By Marie-Louise Ternier-Gommers


WATROUS, Sask. — What happened in the 16th century that fragmented the western Christian church, and what has taken place in the past 50 years that is now mending these 500-year-old fractures? This was the central question addressed in a series of five sessions bringing together Lutherans, Anglicans and Roman Catholics in Watrous this past Lent. The series entitled “Together in Christ” (available online) was produced for parish study by a Canadian Lutheran-Catholic working group.

Through 12-minute video presentations, participant guides containing prayers, discussion questions and biblical texts, the group of between 15 - 21 participants from the three churches learned and prayed together, dispelled misunderstandings and false judgments, and grew in mutual understanding and appreciation of one another’s traditions.

“Yes, we all know one another in this small community, but we don’t necessarily discuss our respective faith traditions and practises,” said one participant. “This is so enriching.”

The sessions “helped me to gain new knowledge about the history of dialogue that has gone on in the past 50 years,” said Adeline Reihl, a lifelong Lutheran. “I also acknowledge that communication has not always filtered down (to the people) as it should have to explain what these dialogues contain. This then prevents the average parishioner to move forward in their impressions of the other churches.”

“For me it was exciting to see us come together for a common goal, to acknowledge, understand, appreciate and respect each other,” according to Lynn Tarasoff, a Roman Catholic.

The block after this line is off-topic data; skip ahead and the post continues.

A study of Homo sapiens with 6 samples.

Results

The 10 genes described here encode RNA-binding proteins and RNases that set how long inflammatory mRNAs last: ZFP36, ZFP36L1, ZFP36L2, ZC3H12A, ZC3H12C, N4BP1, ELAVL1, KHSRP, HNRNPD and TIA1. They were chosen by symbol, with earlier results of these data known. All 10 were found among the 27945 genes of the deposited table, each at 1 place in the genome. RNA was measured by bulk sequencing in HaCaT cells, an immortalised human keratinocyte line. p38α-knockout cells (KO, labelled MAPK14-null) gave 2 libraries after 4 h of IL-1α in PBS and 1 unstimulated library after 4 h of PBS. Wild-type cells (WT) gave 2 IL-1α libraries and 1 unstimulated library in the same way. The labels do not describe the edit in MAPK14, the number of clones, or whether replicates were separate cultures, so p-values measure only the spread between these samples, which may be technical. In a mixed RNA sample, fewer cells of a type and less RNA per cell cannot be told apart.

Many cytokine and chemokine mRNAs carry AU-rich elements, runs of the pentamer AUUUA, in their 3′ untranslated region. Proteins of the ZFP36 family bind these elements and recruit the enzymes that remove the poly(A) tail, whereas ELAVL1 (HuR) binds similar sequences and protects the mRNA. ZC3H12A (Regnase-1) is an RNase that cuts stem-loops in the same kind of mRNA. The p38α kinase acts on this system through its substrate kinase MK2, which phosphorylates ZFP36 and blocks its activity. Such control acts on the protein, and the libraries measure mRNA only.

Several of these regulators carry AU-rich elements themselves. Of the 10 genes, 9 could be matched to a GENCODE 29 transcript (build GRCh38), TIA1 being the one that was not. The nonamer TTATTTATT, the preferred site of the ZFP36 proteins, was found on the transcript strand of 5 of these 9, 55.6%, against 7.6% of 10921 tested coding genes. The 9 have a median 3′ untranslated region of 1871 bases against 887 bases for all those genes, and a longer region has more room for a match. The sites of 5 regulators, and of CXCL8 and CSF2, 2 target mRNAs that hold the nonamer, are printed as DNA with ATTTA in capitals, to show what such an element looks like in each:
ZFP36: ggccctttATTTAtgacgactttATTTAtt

“It is exciting to learn so much more about Lutheran and Catholic practises and traditions, moving from past misinterpretations to a more united future, said Anglican parishioner Linda Leslie. “This 500th anniversary of the Reformation is truly a time for finding and rediscovering our common faith instead of only focusing on differences.”

Julie Davies, a Catholic married to her Anglican husband, found that the sessions fostered a very open and accepting environment. “There was no blaming each other for the divisions but instead I learned so much about our various traditions.”

Joan Hanson, a Lutheran, concurs: “I have come away with an appreciation for how much has been achieved over the past 50 years through the various councils and conferences/dialogues to reconcile our differences and to move us closer together. It was so informative and I have enjoyed the dialogue at our local level, the sharing of opinions and the realization how very similar we are.”

The greatest discovery — or rather, rediscovery — is that we are already truly united in our common faith in God through the person of Jesus Christ, that baptism has joined us together in a divine covenant with both God and with one another, and that we are justified by that faith alone. The differences that keep us apart are caused by humans, not by God.

By way of marking this lenten journey together, the Lutherans, Roman Catholics and Anglicans of Watrous celebrated Good Friday together in the Catholic parish of St. Ann’s in a worship service that drew its prayers, hymns and litanies from all three traditions. The group is committed to continued learning together, and is now considering one of the Anglican-Catholic documents as the basis for future study.